One service with 3 subs, no GEC

This looks like a 200 Amp service that feeds 3 panels, 200A in the house and a 100A panel at each of two pole barns. My question is, where is the GEC? Neutrals and grounds were not separated at any of the panels. GEC is not installed at any of the panels that I could tell.
Also, with the main breaker at the service being 200A, is this set up sufficient to run the 3 panels?

Do you have a picture of the drip loop and service point connection at the top of the pole? The only possible GEC I see is running up on the side of the pole.

There was an an exception in NEC that allowed a 3 conductor feeder to feed remote buildings without metal paths. In such a case the subs would have the neutral bonded and used as an EGC.

I don’t have that photo. You are right, it is on the side of the pole. Thank you!

So neutrals and grounds do not need to be separated at the subs?


Also, the 2 neutrals for the 100amp subs are sharing the same terminal, that’s wrong. Need to check the panel label to ensure it can take 100amp breakers side by side.

If you separate the neutral in the subs then you will not have working EGCs, the breakers won’t trip in case of a ground fault. So the neutral must stay bonded in this case (3 conductor feeder) only. This exception was removed from NEC in 2008.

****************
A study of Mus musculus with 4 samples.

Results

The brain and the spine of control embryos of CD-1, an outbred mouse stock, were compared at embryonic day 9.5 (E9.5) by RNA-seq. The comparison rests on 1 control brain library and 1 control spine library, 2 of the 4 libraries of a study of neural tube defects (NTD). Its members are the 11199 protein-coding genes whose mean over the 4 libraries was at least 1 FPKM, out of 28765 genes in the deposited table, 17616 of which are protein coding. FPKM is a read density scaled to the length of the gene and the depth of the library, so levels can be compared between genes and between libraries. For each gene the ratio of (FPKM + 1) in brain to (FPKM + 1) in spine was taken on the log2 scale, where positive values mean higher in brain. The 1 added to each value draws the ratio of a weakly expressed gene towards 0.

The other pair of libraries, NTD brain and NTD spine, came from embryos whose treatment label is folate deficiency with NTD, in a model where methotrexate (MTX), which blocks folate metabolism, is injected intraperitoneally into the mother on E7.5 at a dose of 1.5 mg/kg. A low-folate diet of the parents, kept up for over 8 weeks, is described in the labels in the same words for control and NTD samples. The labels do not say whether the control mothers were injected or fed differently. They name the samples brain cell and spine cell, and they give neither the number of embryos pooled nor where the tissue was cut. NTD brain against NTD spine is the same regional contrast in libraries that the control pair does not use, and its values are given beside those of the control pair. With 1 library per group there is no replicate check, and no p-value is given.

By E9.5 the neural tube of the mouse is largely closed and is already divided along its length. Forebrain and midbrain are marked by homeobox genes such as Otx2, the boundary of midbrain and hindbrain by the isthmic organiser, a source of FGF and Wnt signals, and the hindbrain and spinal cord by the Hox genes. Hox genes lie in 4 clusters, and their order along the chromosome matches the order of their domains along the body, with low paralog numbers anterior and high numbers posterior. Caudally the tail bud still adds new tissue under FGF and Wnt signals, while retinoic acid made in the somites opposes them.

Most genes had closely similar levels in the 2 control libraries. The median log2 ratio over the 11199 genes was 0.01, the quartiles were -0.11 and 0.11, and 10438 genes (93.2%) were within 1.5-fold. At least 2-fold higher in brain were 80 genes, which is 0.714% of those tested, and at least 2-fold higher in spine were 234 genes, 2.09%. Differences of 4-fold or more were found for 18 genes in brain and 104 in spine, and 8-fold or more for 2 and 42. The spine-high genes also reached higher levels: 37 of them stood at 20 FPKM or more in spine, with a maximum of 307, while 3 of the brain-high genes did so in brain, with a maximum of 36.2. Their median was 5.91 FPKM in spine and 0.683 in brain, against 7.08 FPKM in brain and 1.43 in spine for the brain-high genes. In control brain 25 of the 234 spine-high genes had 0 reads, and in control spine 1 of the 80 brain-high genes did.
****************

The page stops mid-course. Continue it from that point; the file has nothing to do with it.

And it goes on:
Underground Service Lateral.
With a subpanel, the terminal bar for the equipment ground ‘commonly referred to as a ground bus’ should be bonded electrically connected to the enclosure. Bonded.

Look at the same locations a bonding/grounding conductor should/could/would be located/situated. Main water pipe entrance or/and Grounding Electrodes or UFER.
Sorry for the edit.

As for 2 strand AL neutrals, under one lug. As long as the lug is capable of the AWG.

I see a few issues, the aforementioned two neutrals under one lug, a missing bushing and the most critical one the lack of a MBJ. I don’t see a green screw which means that the neutral bonding is dependent on the rusty nipple between the panel and the meter enclosure.

Thank you! You guys are the best!

It is not allowed Mr. Young

Joe can you explain what “capable of AWG” is, thank you.

I read Roberts reply as to mean that as long as the lug accepts American Wire Gage wire, then 2 under the lug would be acceptable. Even though the lug will accept multiple conductors, does not mean it is allowed.
I agree that his reply was nebulous, but I did not want anyone to assume you can double tap.


I agree the terminal would need to be listed for two conductors.

The only time two wires can be installed under a single screw or lug is when the terminal is identified for this purpose.
Neutral and equipment grounding lugs for panelboards are often suitable for two and sometimes three wires.


I believe the intent of the one comment was that if two conductors fell within the size range of the lug it was acceptable. This would not be true.


I concur. That would be ‘1 circuit neutral conductor’ per termination on a panel board neutral bus bar.
In 2002 the NEC adopted the change to the code regarding double tapped neutrals. Prior 2002 UL 67 was not listed if my memory serves me well.